I was invited along for a weekend of riding in the Kamloops by a small crew led by Seb Kemp, who was writing a story on the Loops for Dirt Magazine, and Reuben Krabbe, who was capturing the images for the article. I had not been to Kamloops in a long while, focusing my travels on other parts of BC, and more exotic locales in the previous few years. I feel strong ties to that arid part of the province though, having spent many weeks there in the early days of my freeride career, shooting for the New World Disorder movies and getting into the youthful trouble that seemed to follow our film shoots around in those days.
Keep it local is a statement typically seen in regards to food — but it seems equally as fitting for the transportation funds that contribute to each community’s safe bike routes and bicycle structure systems. The problem facing local bike funding is this, according to peopleforbikes.org:
“During recent negotiations on a new transportation bill, the House of Representatives proposed drastic cuts that would hurt bicycling. Their plan would allow states to take federal transportation funds that make roads safer for bicycling and divert them to other uses, without any input from communities like yours.”
The proposed bill would eliminate the funds necessary for your local community to propose and flesh out ideas for safer bike transportation, which would basically halt any future concepts and eliminate the potential for further growth and increased bike transportation options. Of course that’s not something any of us want, so here’s what you can do, right now: Follow this link to the peopleforbikes.org page that explains everything in a nutshell. Then, get in touch with your two U.S. Senators and one U.S. Representative by going here and entering your local information. You’ll be able to write an email urging government to take back the proposal, and send it all via the second link listed above. Send it now to take action and keep bike funding local!
PHOTO Via: peopleforbikes.org
Every Wednesday on Ditch Your Car we’ll be bringing you just another reason to spend more time on two wheels. Be it a photo, a statistic or an inspirational video, we want to keep reminding you about why riding is great!
Fortunately, we live in a world where everyday people with brilliant minds can create hilarious works of art by way of posting something — a video, a written blurb, a photo — via the good ol’ internet.
One such mind, someone from San Luis Obispo, California, created an ad on CraigsList titled: Failed hispter – fixie must go, and it goes like this:
I tried so hard. I dated a girl from Portland. I criticized cheese. I applied the term artisanal to every inanimate object that went in or on my body. I burned and singed my forearms just to make it look like I was going to culinary school. I grew Carol Brady hair. I got itchy from the finest flannel and I cut off circulation from the waist down with jeans that made my ass look like an elevator button.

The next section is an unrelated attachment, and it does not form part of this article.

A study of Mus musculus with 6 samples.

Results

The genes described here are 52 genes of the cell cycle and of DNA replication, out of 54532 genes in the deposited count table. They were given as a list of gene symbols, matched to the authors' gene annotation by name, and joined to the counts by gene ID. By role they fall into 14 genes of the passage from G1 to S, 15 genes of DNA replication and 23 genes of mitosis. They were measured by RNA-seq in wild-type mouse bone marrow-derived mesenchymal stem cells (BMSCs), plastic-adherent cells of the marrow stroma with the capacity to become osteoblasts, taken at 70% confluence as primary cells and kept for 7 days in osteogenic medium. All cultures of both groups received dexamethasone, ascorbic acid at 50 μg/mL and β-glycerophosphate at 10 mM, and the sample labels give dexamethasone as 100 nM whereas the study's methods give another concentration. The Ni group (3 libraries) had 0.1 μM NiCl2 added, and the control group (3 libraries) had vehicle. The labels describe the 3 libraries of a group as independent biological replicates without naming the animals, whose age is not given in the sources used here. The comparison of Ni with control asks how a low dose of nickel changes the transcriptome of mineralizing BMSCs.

… And I rode a fixie.
When most cities consider a change in the infrastructure of their transportation system, the typical modus operandi is for city officials to sit indoors and look at drawings and written proposals. But what if city street improvements could be brought into the real world — into all three dimensions so that people could not only consider, but actually see, the changes that may or may not take place?
The city of Cleveland, Ohio is experimenting with this more “live” concept of proposed downtown street improvements in a project the city is pioneering called Pop Up Rockwell. Here’s the lowdown, via the masterminds behind it all, Cleveland Urban Design Collaborative (CUDC):
POP UP ROCKWELL is a one-week experiment to test “complete & green street” improvements on downtown Cleveland’s Rockwell Avenue (between W. Roadway and E. 6th Street), which took place during April 21 to 27, 2012. The temporary street transformation explores fresh ideas for making the street more pedestrian and bicyclist friendly. Going beyond two-dimensional drawings used in typical public meetings, Pop Up Rockwell allows people to physically experience a future vision of the city in three dimensions, in a real environment, and provide feedback before large financial and political investments are made.
The temporary installations included “Cleveland’s first cycle track, stormwater bio-filtration benches, enhanced transit waiting areas and wind animated public art” for city residents to experience — and potentially put into real-life practice in the future. According to CUDC, Pop Up Rockwell was pioneered as a response to the community’s desire to see real life action in between the formal and often slow-moving stages of planning and actual implementation. As CUDC puts it, “Lessons learned from the short-term project may influence permanent changes, which support the City of Cleveland’s Complete & Green Streets Ordinance and Group Plan Commission recommendations.”
With all of this we feel compelled to ask: Should more cities implement temporary pop up street improvements so citizens can experience them and potentially choose to have a voice in regard to the real-life changes that may or may not take place? Would you be excited to see a pop up street in your city?
Every Monday on Lane Love, we’ll be featuring bicycling news, stories and photos from around the world. Have a lane that you love? Send us a photo! You can post it to our Facebook page or upload to our Flickr group and we might just feature it here on Lane Love.